Utah’s Inland Port Will Bring Commerce To Utah
In its most recent session, the Utah Legislature passed a bill designating an approximately 4,000-acre area just a few minutes from the Salt Lake City International Airport in the northwest quadrant as an inland port. Salt Lake City has already started work to bring power, internet and other infrastructure to the area, aptly named the SLC Port Global Logistics Center, with the hopes of attracting several distribution companies to the area. In addition, the new prison will be located there, and major distribution companies like Amazon and UPS have already set up shop nearby.
The inland port designation, combined with a currently-under-renovation international airport, is poised to create a new concentration of logistics and e-commerce businesses in the state. But with Utah becoming even more of a transportation hub, stakeholders must walk the line to ensure impacts on air quality, traffic, housing, and the environment are considered.
Infrastructure Designed To Scale
Lara Fritts, director of the department of economic development for Salt Lake City, says the city has been preparing for an inland port for a number of years. “The conversation really came to the front burner within the last couple of years, so the city has taken a number of steps to move forward with an inland port,” she says. “We have planned for infrastructure, rail connectivity, roads, sewer, and water. We have even started to recruit companies to the northwest quadrant. We have zoned the area primarily as M2, which is a light manufacturing district. That gives us great flexibility because companies can do manufacturing, logistics, and distribution, but we can also do retail, hotel, and restaurants.”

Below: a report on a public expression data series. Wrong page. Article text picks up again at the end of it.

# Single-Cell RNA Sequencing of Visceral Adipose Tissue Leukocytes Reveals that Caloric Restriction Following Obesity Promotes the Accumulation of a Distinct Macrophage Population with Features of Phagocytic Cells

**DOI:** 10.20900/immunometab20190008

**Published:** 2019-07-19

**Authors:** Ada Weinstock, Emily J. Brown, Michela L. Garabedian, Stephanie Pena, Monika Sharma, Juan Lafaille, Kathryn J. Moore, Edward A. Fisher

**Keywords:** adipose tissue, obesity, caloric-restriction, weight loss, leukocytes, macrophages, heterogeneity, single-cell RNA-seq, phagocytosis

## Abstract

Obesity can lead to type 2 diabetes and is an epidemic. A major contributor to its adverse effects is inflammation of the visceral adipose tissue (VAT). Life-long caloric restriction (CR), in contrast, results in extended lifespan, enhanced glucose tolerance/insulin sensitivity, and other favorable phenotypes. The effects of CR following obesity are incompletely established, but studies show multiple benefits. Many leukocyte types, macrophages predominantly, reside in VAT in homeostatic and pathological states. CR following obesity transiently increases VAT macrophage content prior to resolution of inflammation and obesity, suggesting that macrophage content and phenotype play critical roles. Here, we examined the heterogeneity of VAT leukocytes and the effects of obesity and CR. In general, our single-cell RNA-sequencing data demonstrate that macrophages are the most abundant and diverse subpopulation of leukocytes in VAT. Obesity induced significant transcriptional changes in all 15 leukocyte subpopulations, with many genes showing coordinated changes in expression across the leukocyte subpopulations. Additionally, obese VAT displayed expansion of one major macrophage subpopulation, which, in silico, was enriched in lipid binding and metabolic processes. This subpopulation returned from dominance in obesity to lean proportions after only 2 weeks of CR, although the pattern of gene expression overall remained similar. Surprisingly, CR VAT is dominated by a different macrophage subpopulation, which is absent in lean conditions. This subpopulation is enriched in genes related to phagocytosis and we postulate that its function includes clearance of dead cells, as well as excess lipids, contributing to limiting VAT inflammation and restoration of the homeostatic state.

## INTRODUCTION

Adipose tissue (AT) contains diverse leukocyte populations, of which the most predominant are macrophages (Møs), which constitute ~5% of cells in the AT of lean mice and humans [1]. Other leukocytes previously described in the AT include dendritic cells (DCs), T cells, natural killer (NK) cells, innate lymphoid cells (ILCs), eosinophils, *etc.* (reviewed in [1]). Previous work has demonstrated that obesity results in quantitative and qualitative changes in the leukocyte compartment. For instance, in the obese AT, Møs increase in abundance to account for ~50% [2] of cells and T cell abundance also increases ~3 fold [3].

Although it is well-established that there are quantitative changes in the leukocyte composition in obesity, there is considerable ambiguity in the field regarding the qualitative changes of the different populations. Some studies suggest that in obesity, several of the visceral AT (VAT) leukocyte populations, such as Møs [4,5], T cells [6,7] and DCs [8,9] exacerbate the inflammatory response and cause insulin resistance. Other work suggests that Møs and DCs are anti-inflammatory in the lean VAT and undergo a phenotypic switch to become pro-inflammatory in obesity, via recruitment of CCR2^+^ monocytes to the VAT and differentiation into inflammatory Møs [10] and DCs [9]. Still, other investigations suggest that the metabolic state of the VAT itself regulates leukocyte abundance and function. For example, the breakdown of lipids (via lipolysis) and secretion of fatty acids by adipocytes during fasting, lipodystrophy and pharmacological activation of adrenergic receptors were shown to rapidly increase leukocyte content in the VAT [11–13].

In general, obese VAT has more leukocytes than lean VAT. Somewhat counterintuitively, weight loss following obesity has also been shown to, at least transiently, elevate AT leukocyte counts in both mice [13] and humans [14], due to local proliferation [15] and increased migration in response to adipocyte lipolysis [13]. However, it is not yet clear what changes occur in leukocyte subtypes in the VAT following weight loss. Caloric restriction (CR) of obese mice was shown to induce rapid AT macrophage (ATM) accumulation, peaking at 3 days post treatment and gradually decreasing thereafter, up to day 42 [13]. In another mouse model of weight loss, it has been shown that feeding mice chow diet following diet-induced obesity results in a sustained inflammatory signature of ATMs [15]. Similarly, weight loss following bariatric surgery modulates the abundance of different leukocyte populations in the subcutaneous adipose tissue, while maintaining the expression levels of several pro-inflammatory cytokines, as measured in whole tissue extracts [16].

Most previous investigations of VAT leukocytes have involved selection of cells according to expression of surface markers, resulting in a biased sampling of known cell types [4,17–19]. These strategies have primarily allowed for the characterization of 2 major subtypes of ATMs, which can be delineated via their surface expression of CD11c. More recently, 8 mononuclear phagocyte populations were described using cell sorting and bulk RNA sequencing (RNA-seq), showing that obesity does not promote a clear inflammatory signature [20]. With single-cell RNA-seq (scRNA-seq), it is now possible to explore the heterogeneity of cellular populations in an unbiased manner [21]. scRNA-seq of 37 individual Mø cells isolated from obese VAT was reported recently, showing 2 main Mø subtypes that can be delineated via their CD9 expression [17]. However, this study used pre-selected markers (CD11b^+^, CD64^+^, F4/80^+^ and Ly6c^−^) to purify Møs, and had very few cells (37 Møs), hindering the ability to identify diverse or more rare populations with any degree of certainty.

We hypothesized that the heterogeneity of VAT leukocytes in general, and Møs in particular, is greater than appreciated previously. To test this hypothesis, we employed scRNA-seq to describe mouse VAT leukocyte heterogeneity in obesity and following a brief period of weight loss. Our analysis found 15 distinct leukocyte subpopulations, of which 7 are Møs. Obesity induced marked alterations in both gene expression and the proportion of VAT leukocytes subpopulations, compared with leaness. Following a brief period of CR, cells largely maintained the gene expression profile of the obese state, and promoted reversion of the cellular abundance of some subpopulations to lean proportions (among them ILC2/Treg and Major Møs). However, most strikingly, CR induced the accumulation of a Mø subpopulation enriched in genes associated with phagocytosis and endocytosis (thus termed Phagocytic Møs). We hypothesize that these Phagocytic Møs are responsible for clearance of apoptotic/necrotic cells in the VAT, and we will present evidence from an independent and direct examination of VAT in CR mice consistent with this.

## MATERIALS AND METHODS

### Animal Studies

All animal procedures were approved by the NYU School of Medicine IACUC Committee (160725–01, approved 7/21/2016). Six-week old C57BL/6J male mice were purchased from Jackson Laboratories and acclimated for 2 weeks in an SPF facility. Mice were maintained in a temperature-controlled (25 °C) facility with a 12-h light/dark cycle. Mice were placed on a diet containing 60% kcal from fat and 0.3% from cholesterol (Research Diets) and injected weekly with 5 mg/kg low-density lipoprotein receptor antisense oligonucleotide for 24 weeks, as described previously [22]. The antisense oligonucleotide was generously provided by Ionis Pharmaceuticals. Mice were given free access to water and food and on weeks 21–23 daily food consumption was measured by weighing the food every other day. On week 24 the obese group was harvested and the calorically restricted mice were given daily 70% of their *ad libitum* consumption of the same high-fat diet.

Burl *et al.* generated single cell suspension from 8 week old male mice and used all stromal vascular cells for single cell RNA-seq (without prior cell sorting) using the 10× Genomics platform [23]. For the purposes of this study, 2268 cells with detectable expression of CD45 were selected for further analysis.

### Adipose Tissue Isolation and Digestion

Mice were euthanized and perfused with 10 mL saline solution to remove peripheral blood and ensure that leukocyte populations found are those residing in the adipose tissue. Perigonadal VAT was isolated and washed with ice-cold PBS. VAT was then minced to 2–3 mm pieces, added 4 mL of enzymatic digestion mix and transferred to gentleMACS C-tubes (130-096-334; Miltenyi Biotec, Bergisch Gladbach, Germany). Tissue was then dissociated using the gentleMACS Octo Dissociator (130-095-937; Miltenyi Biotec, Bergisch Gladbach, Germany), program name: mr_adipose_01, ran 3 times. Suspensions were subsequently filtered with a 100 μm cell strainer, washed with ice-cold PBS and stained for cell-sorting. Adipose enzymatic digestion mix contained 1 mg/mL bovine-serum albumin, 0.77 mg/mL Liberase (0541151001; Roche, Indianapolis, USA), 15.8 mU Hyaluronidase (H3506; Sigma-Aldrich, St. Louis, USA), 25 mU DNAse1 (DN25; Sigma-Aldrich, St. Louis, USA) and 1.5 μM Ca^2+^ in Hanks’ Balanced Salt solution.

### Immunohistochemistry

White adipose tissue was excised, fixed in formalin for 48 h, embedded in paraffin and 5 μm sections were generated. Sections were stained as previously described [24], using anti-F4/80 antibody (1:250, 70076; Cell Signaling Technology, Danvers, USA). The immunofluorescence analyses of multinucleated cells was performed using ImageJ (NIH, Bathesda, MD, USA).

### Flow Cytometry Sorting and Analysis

Ms. Fritts says the area is already a bustling zone of e-commerce and logistics—pointing to Amazon’s more than 800,000-square-foot facility and UPS’s one million-square-foot facility as examples—and with the inland port designation, that will just become more apparent. Derek Miller, president and CEO of the Salt Lake Chamber and outgoing president and CEO of the World Trade Center Utah, agrees.
“Utah is a very geographically and strategically located state,” he says. “That’s why we’ve been known since our settlement as the crossroads of the West. It was true in pioneer times, and that was true with the joining of the transcontinental railroad, and it was true with the building of the north-south-east-west freeway system. It remains true today. What we’re talking about with an inland port is certainly a component to Utah becoming a global trade center.”